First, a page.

Prior to becoming head chef at Baron’s Cove, Nick Vogel had immersed himself in nearly every aspect of the restaurant industry, beginning at his family’s Philadelphia bar. From dangling his feet over a barstool as a child and eating chicken wings while chatting with chefs, to bussing tables and later working as a line cook, the restaurant industry was his entire life.
At the age of 18, Nick Vogel decided to take a break from the business, and enrolled at Coastal Carolina University to pursue a degree in Finance. After graduating and working in finance for a while, Vogel realized that the food industry was his true calling, and returned to it, quitting his job and becoming a line cook and farmhand in Cape May, New Jersey. This job, on a property owned by Cape Resorts, is where the journey that eventually led him to Baron’s Cove (owned by the same company) began. Following his time in Cape May, Vogel moved to Washington D.C. where he served as a chef in various capacities in several different restaurants and received accolades for his work.
Earlier this year, Nick Vogel accepted the position at Baron’s Cove in The Hamptons where he now focuses on serving the freshest food, showcasing nature’s bounty to the fullest. Total Food Service caught up with him to get his take on the current landscape and where we go from here.
What impact has the last four months had on what you’re doing this summer?
Luckily, we have a lot of outdoor space, and we can devote it entirely to our customers. We can give them the space they need to breathe easily, while still maintaining a high enough turnover rate to run a healthy business.
We also have to look at CDC guidelines and follow them strictly, which is another very important aspect this summer. Every day chefs are already thinking about food safety, proper storage, receiving of food, linens, and dealing with labor and POS systems. These are procedures we follow and carry out constantly, so integrating these new guidelines into what we already do is something we should be prepared for as chefs, and something we should be prepared to keep doing for the foreseeable future.
The way I see it, it’s something you can even use to your advantage, it makes you better at your job if you’re the person who’s on top of all these additional details. For example, I’ve never worked in a cleaner kitchen. Many chefs are used to working in disorganized kitchens, so the increased oversight on both the state and federal level helps clarify expectations and make them uniform. At the end of the day, all chefs have a job to do and that job is way easier when expectations are clear.
Also, if it weren’t for the changes brought on by Covid, I might never have had the opportunity in my career to take over a restaurant, or a hotel for that matter, and start from scratch. I was the only person in the back office and kitchen for 30 days, mopping the floor and developing and testing recipes. I had an entire month to rewrite breakfast, lunch and dinner menus, which never would have been possible under normal circumstances. Basically, every restaurant in the country experienced a closing and reopening, which if utilized properly can have a very positive impact.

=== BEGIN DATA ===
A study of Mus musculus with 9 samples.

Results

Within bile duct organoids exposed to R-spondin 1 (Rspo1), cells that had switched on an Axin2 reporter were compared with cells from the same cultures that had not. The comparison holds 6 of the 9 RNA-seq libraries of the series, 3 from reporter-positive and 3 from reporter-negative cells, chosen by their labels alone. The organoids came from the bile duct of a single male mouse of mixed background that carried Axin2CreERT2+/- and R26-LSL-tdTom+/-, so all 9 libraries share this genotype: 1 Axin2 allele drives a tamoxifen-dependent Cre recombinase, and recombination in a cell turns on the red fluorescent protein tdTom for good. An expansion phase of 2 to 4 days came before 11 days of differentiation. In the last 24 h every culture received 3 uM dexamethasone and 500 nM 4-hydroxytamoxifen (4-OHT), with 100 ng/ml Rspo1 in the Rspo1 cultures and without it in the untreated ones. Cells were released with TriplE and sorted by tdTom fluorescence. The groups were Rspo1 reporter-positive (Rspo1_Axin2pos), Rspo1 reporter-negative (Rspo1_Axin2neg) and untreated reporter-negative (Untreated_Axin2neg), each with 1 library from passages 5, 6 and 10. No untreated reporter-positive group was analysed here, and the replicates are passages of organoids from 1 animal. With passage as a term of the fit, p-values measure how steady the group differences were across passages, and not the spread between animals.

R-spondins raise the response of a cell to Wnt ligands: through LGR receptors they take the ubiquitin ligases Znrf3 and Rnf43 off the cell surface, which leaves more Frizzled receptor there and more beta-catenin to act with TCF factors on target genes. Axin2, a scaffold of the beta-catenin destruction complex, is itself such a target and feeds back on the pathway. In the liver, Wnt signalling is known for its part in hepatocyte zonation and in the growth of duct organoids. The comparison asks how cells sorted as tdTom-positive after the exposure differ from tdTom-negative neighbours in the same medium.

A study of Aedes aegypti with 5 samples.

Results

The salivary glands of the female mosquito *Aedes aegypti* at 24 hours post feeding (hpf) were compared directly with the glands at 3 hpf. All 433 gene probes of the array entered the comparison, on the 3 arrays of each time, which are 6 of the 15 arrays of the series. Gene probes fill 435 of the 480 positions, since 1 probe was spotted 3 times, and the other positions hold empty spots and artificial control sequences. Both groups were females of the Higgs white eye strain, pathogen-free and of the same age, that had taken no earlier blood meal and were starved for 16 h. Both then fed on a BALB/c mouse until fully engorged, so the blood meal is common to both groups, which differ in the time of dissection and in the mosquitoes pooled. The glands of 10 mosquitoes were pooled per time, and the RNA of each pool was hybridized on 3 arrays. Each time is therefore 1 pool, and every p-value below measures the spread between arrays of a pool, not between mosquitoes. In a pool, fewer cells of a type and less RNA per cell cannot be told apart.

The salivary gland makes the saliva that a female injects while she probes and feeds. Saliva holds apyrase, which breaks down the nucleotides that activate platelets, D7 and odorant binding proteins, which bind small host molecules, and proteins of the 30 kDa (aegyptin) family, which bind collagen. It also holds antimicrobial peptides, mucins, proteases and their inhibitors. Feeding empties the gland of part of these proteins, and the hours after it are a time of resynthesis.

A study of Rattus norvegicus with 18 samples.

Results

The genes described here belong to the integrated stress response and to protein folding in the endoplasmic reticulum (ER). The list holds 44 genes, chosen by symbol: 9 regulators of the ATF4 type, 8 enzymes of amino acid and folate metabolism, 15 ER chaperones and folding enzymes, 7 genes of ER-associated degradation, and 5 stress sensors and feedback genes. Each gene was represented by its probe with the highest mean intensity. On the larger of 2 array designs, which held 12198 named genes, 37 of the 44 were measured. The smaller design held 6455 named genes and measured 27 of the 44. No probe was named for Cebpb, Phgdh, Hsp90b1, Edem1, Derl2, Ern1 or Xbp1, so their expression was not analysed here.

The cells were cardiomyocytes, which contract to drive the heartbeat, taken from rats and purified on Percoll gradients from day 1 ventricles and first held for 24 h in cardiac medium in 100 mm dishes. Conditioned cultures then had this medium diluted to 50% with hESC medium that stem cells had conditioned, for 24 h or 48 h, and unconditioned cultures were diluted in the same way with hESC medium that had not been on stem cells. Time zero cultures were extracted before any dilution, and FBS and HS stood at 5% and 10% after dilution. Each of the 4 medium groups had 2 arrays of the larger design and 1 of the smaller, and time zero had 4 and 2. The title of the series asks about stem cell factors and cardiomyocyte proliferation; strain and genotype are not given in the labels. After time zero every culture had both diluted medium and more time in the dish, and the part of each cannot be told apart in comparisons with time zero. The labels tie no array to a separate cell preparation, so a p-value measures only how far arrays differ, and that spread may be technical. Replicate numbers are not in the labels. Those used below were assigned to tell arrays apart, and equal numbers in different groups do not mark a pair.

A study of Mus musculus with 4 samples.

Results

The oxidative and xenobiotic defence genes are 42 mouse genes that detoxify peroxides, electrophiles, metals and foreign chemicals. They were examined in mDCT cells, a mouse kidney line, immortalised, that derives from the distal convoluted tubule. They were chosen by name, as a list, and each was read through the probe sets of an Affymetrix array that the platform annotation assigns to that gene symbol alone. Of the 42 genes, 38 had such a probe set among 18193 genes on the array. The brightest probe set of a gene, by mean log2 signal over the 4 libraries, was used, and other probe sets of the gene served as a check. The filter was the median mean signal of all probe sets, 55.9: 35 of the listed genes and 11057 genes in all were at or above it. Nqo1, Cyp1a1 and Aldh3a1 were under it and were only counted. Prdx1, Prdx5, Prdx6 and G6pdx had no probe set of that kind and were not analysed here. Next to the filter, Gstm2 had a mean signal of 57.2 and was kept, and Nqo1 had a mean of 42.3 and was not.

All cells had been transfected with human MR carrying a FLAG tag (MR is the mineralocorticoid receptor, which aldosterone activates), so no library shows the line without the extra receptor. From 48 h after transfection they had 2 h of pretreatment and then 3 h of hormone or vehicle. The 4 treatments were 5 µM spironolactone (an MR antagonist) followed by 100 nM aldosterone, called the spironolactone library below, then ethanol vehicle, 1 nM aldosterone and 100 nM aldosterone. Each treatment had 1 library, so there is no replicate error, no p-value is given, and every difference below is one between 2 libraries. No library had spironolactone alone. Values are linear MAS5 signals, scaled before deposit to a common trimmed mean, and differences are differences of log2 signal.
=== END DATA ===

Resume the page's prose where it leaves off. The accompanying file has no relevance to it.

Were you ready when Governor Cuomo gave the green light to open?
There’s never a time like the present, so whether I was ready or not isn’t even relevant. My company didn’t micromanage me, instead they gave me the tools I needed to operate 21 meals a week with a focus on revitalizing a dinner service.
I think the key to making the best of this situation is to continue doing what we’re good at, and to not overthink it to the point of detriment. We all miss the simple things, a busy dinner service, re-firing a steak for a customer at table 50 or a broken ticket machine. To me, the goal was to put people back to work. This is not only vital for operational needs, but for people’s livelihoods and morale. People need paychecks and people need to eat, so when you can satisfy both of those requirements, success comes naturally.
Did you bring in distributors such as Baldor, Dairyland, or J. Kings, and show them what you wanted to do with the menu?
I use some distributors, but I’m most interested in partnering with local farmers and fishermen. I was amazed by the farming when I moved to Long Island two months ago, it’s incredible. Today’s my off day and I was at a farm for hours this morning, picking vegetables in the field with my girlfriend and bringing back all sorts of great ingredients. The reason I’m here is to get back to the roots, after all. The big distributors are all great businesses and they’ll always play their part. However, in an area like this where I can have a focused dinner service, showcasing nature’s bounty is what I’m all about.
Would you like to brand around yourself? Your own television show, or cookbooks, for example.
If that comes along with the territory, so be it, but my priority right now is expediting and plating every single one of the dishes that leaves my kitchen between the hours of 5pm to 11:30 pm, every night. I’m early on in my career, and I don’t think I deserve television or a brand yet. I’m focused on being happy and consistent with the food that I’m putting out and finding my voice on the plate. Creating a brand pales in comparison to creating my own identity as a chef right now.
To learn more Chef Nick Vogel and Baron’s Cove, visit their website.